With poisonous toxin alerts connected to almost everything made in China, seems more and more people are now wanting to buy local. We’ve always manufactured in the USA for our own reasons, but we’ve heard many times over the years from customers who say: “I can’t tolerate clothing, towels, blankets or sheets made overseas.” Maybe those folks were on to something, since the most recent reports now indicate that textiles in China are also contaminated with dangerous levels of formaldehyde.
Here’s the report:
Wellington – New Zealand researchers have found dangerous levels of poison in children’s clothing imported from China, a newspaper reported Sunday.
Formaldehyde, a chemical used to give a permanent-press effect to clothes, was found in wool and cotton garments at levels 500 times higher than deemed safe by the World Health Organization, the Sunday Star-Times reported.
Details of the research are to be reported Tuesday on the TV3 channel in the consumer-affairs programme Target.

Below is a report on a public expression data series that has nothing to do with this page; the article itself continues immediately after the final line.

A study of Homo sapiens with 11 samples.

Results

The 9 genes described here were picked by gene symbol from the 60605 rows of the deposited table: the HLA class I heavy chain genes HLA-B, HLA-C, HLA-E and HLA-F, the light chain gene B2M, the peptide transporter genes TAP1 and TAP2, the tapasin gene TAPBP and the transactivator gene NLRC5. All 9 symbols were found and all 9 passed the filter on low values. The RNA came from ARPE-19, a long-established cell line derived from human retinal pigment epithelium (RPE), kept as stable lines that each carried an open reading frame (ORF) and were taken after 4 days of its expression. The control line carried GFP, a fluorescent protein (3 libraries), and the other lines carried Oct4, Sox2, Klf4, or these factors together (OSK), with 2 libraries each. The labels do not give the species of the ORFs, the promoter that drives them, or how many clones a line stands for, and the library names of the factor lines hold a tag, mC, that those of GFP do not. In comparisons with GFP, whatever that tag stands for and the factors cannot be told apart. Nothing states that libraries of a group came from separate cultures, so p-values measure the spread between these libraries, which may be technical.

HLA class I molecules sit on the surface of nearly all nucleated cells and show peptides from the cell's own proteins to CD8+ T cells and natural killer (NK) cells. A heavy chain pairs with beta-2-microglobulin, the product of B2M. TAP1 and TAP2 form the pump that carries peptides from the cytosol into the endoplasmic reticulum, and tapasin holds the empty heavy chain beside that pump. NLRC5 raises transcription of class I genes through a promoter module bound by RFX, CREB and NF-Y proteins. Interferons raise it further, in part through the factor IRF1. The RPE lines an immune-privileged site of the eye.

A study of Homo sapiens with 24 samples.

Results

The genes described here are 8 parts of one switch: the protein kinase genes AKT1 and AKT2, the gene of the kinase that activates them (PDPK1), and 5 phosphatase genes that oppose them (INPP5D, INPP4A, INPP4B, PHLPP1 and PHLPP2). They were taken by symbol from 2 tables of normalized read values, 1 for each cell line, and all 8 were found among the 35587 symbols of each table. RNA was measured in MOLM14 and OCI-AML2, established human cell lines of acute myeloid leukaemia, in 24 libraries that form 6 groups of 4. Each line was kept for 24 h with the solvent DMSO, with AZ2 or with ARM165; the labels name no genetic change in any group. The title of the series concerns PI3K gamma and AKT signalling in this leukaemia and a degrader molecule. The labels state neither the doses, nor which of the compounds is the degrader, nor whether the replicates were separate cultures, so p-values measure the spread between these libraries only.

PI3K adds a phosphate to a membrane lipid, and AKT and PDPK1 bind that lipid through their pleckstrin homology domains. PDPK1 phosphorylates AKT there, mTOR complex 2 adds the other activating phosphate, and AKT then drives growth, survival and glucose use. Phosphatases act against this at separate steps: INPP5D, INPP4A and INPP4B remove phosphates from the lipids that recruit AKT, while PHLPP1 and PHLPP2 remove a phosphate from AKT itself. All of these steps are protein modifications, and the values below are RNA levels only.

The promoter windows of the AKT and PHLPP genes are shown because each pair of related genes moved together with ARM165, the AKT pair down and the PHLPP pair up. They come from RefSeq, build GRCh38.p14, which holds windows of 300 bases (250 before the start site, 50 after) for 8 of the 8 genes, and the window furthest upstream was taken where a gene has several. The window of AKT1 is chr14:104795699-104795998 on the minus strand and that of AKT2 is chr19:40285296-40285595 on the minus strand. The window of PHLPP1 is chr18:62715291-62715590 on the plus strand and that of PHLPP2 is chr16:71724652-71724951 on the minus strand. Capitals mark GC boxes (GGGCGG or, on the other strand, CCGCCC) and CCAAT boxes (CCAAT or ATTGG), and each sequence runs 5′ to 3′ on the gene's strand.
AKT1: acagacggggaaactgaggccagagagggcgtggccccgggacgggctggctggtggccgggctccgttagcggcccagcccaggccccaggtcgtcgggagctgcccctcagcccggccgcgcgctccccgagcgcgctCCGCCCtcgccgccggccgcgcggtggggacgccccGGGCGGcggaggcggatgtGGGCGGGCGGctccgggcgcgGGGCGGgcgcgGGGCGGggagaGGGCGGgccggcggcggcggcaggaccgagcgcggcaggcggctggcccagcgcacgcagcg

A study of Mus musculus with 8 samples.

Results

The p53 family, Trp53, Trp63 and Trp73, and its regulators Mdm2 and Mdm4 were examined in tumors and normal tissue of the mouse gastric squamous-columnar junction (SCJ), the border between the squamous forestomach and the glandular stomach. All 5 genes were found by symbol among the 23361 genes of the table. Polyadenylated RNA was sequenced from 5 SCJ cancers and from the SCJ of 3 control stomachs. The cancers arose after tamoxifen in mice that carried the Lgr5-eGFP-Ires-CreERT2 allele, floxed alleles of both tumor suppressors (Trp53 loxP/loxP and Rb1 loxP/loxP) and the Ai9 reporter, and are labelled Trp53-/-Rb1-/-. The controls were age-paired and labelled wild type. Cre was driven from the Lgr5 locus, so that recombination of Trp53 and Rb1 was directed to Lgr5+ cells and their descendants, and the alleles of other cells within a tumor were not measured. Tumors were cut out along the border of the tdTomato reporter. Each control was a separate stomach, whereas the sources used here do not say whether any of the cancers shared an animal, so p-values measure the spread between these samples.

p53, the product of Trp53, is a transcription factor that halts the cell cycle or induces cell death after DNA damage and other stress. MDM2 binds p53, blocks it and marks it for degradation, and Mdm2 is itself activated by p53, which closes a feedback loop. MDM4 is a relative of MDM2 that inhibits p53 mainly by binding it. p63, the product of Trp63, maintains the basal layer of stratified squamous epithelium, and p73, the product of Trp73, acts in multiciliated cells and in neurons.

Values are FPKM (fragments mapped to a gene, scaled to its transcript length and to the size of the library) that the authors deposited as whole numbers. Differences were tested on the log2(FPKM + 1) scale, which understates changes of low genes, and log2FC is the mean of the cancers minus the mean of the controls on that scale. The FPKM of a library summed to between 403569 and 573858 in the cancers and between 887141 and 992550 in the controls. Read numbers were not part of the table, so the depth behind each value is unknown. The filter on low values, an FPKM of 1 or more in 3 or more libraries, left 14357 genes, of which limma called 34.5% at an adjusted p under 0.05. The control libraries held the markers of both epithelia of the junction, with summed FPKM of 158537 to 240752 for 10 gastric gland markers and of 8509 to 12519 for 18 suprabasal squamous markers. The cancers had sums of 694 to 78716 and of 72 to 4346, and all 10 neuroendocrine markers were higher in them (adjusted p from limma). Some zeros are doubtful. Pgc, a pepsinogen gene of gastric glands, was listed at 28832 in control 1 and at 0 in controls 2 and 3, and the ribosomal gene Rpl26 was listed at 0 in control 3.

Dr John Fountain, spokesman for the National Poisons Centre, told the newspaper that international research supported by WHO showed exposure to formaldehyde in concentrations of 20 parts per million (ppm) could cause eye, skin and nasal irritations, respiratory problems, asthma and cancer.
He said that the European Union limits formaldehyde residues in children’s clothes to a maximum of 30 ppm and bans 22 aromatic amine dyes, which are known carcinogens.
Research for Target showed that 10 per cent of clothes tested in China contained residues, and some children’s apparel had levels of ph, which measures acidity or alkalinity, that could damage skin.
Simon Roy, producer of Target, said that a variety of new clothes were tested including a girl’s top, school shorts, a T-shirt and pyjamas.
He said that the results, showing levels of formaldehyde ranging from 230 ppm to 18,000 ppm were so elevated that the research scientists thought they had made a mistake.
The paper said that buyers were advised to wash and air all clothes before wearing them for the first time.